Getting on the witness stand can be intimidating and scary, and especially when you are fighting a court case involving family law, emotions run high. What to do, how to act, what to say… it can be hard to know what to do. Ask your attorney about your specific situation, but some general suggestions might be helpful. Here are some tips:
Know what you’re going to testify about. If you’ve got a final hearing on an uncontested divorce, this is pretty simple. If it’s another type of trial or hearing, talk with your attorney regarding the subjects about which you will be questioned, and review any documents that might be relevant.
Don’t make jokes, roll your eyes, be sarcastic, or be rude. Remain calm, especially if one of the attorneys is trying to push your buttons to trigger an outburst.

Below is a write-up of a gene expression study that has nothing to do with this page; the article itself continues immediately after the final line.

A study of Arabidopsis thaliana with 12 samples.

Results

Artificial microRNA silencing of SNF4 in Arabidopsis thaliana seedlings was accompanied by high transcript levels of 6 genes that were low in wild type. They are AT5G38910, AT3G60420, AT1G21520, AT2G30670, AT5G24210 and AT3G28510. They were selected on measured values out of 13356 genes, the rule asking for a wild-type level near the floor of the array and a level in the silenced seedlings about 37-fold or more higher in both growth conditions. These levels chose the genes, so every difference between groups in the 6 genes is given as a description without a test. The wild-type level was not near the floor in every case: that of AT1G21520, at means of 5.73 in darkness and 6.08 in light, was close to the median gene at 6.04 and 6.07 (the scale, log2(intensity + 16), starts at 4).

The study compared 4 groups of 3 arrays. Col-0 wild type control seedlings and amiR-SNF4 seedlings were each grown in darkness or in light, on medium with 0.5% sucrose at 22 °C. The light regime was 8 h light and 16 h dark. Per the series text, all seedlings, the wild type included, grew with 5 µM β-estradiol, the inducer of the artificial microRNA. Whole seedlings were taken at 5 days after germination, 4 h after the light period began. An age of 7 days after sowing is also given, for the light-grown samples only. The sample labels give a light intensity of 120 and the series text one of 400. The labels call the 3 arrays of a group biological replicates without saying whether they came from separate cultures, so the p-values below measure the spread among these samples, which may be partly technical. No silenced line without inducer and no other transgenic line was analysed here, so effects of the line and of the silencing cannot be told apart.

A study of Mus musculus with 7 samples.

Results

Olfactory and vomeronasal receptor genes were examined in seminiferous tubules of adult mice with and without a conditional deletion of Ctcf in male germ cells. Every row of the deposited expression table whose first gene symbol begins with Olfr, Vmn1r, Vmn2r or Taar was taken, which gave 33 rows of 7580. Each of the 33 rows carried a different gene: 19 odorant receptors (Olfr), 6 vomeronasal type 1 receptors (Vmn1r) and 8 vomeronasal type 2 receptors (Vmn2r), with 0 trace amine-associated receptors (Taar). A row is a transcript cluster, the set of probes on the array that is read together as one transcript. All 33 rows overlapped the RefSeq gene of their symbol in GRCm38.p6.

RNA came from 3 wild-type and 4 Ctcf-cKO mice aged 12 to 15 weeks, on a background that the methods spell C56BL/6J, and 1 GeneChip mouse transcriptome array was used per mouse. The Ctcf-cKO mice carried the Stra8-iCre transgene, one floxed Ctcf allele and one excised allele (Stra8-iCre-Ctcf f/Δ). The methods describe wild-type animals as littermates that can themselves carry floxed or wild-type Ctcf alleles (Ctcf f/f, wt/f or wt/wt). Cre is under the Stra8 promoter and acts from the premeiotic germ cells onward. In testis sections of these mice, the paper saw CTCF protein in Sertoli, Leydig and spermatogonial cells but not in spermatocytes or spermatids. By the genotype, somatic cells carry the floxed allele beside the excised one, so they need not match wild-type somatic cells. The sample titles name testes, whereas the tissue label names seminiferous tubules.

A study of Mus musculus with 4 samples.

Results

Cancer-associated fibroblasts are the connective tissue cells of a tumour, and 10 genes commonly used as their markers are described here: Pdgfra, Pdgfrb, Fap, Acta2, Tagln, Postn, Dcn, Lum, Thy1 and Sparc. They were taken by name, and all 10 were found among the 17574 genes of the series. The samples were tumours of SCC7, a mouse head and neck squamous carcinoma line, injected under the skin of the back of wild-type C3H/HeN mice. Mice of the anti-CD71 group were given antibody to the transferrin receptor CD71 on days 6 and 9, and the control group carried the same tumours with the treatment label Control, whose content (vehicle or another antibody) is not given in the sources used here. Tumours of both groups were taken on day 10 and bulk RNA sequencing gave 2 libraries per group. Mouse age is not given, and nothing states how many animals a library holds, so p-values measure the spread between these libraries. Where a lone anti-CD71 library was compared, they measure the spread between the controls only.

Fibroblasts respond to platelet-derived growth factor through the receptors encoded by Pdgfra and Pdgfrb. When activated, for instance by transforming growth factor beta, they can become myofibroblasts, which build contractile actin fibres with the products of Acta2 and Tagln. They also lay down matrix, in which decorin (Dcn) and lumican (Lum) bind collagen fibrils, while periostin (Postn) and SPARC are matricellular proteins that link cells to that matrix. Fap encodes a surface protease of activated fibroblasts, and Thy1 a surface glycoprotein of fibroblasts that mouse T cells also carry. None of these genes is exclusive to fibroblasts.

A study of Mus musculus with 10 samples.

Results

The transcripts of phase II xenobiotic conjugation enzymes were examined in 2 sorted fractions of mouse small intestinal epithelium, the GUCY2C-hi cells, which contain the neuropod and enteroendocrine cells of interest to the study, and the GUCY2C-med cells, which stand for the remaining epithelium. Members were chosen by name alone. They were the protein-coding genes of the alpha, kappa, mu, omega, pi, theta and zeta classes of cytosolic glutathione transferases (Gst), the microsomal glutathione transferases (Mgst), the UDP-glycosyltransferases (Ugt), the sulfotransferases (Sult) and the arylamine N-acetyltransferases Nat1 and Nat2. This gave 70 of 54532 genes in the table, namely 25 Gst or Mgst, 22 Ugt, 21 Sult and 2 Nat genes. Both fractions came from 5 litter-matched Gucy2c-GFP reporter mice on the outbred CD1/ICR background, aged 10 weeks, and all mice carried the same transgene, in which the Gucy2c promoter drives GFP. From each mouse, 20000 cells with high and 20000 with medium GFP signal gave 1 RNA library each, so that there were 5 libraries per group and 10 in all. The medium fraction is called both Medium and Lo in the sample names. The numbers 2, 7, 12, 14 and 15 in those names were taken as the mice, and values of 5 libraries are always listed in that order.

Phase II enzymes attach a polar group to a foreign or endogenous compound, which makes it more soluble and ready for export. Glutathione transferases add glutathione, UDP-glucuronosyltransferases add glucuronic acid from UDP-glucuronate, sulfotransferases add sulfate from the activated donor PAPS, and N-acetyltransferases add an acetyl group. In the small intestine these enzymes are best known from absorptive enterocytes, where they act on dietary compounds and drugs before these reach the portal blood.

Sit up straight in the chair and keep your hands and feet still while you testify.
Stop talking when an attorney or judge starts talking during your testimony. If there is an objection, wait for the judge to rule and then continue.
Look at the judge and make eye contact on occasion. You’re answering questions asked by an attorney but, in a Tennessee family law case, it’s the judge that is making the decisions— make sure she doesn’t have reason to think you’re being cagey.
If you are asked a yes or no question, answer yes or no first, then give your explanation if one is needed. Also, say “yes” or “no,” not “nope,” “yep,” “nah,” “uh huh,” etc. Don’t nod your head.
Refer to others in the courtroom as “Mr.” Or “Ms.” This means your attorney, the other attorney, or even your spouse or ex-spouse. Call the judge “Your Honor.”
Answer the question that has been asked, don’t volunteer other information. And don’t answer what you think they really want to know, just answer the question that you have been asked.
TELL THE TRUTH. Getting caught in a lie will be a disaster for your credibility.